The ACWG: Khe Sahn 2.0?
When one thinks of the Marine Corps fighting in the defense, one can't help to harken back to the Battle of Khe Sahn. In January 1968 Marines from the III Marine Amphibious Force undertook the daunting mission of defending and holding the base complex at Khe Sahn in the Quang Tri Province of South Viet Nam. For nearly six months Marines mounted a gallant defense while suffering heavy losses from a numerically superior North Vietnamese Force. Khe Sahn was an isolated, untenable position that was eventually lost to the enemy but the bravery and tenacity of the Marines who fought and died there will be forever etched in the proud legacy of the United States Marine Corps.
A few weeks ago the Commandant of the Marine Corps launched a detail of 25 Marines on a mission with characteristics similar to Khe Sahn – to defend and hold an untenable position. The 25 Marines of the Amphibious Capabilities Working Group are charged with redefining the Marine Corps Amphibious Mission. While it’s clear the US Military needs amphibious combat capabilities in its portfolio, it’s unclear of how to build and maintain the right amount of amphibious forces in the current fiscal climate.
To make the mission more complex, the group must contend with the results of last year’s Force Structure Review Group. The group’s report called for a Marine Corps reduction from the present 202,000 level to an endstrength of approximately 185,000 active duty Marines. This is larger than the Marine Corps of 2001 and the necessitated growth is attributed to the new Marine Special Operations mission. However, most national security experts call for a much smaller Marine Corps, with one estimate as low as 145,000 from the CATO Institute. This number is similar to the worst case estimate resulting from budget reductions in a recent report for the House Armed Services Committee.
The FSRG did have one very important output that should drive the efforts of the ACWG – it defined the Marine Corps’ “sweet spot” as being a primarily maritime capability between special operations units and conventional army forces. Given this guidance, the current model of amphibious operations needs to be thrown out the window and should not be used as the starting point for this new construct. The current amphibious model is based on the perceived requirement for a two Marine Expeditionary Brigade package that is completely unaffordable.
This group of 25 Marine Field Grade Officers with common backgrounds and perspectives will have a challenge overcoming group think if they don’t bring in innovative thinkers from outside the Marine Corps. Two organizations that should be represented in the discussion are the Navy SEALs and British Royal Marine Commandos – both of these elite forces provide an efficient operational capability in the Maritime Environment with a force less than 10,000 each. The argument will be made that both of these forces provide different capability sets than the current Marine Corps force structure, nevertheless, both forces are expeditionary, lethal and operate effectively in the Maritime environment as well as “any clime or place.”
The Marine Corps should learn from these smaller forces and focus on Battalion or Squadron sized force packages. 12 (4x3 rotation) Battalions, roughly 12,000 Marines, could form the nucleus of the current Marine Expeditionary Unit Model. Battalions would be supported by robust rotary wing assault support and attack helicopters with unmanned aerial vehicles, logistics, intel and supporting arms deployed as required. Again the Marine Corps could develop 10 times the combat power of the Royal Marine Commandos with under 100,000 Marines. An additional 25,000 Marines could be used to support other Marine Corps centric missions such as Marine Security Forces, Military Police, Combat Engineers, Marine Anti-Terrorism Security Teams and Marine Special Operations. This new approach should place more emphasis on the “no worse enemy” portion of the battle cry and leave the “no better friend” mission for the Marine’s Global Force for Good brethren.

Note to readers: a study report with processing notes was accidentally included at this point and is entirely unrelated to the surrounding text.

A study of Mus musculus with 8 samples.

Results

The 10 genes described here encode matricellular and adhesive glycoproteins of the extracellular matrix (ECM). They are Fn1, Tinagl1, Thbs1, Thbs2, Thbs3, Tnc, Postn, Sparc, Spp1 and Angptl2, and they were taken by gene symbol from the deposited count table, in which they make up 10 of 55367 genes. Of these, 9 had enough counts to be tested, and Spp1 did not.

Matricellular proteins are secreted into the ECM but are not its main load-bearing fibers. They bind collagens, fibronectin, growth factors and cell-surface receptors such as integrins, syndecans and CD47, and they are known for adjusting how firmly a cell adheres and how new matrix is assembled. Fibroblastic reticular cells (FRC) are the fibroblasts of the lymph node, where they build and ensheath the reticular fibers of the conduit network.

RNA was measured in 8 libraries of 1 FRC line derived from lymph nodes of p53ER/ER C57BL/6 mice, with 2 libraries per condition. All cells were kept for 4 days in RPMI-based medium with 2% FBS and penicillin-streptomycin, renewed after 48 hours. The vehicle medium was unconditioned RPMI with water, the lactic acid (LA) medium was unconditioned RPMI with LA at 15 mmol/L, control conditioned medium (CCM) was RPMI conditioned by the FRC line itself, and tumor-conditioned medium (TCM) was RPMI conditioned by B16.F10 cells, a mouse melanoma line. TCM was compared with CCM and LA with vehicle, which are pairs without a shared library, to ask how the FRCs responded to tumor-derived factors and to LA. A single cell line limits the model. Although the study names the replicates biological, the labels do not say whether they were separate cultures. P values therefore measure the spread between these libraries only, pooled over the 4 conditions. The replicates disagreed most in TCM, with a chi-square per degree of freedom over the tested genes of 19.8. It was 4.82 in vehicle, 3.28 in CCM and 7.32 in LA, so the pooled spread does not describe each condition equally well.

Where could the Marine Corps take reductions?
· Eliminate Fixed Wing Air Craft from the USMC inventory and rely on the Navy for support (it’s time to let go of the legacy of Guadalcanal)
· Eliminate Air Defense (airborne) and Low Altitude Air Defense Missions
· Leverage the Global Information Grid and reduce the deployed command and control footprint
· Shed missions such as Cyberspace, Civil Affairs, domestic Chemical Biological Response and other non-traditional missions that can be accomplished by another service
· Reduce support for COCOMS and conduct all operational planning at MARFORCOM
· Shift tank units and heavy assault capabilities to the reserves
· Restrict active duty personnel from performing inherently civilian work
While it may not have been given as a specified task in the mission statement to the AWCG, at the very heart of the discussion is the Marine Corps' ability to exist as a separate service within the Department of the Navy. This issue is worthy of further debate beyond the scope of this post. Tradition, legendary combat history, marketing slogans and the supposed “will of the American People” will only carry the day so far in the current budget debate. If the Marine Corps attempts to defend the untenable 185,000 end strength and protect unnecessary programs such as its Joint Strike Fight variant and the Osprey, the results will be disastrous.
Zacchaeus was a Greek tax collector hated by his peers for perceived collaboration with the enemy. It is the pseudonym of a retired Marine, working at the Pentagon. He lives in fear for his children, family pet and automobile should his real identity fall into the hands of status quo thinkers in the Marine Corps.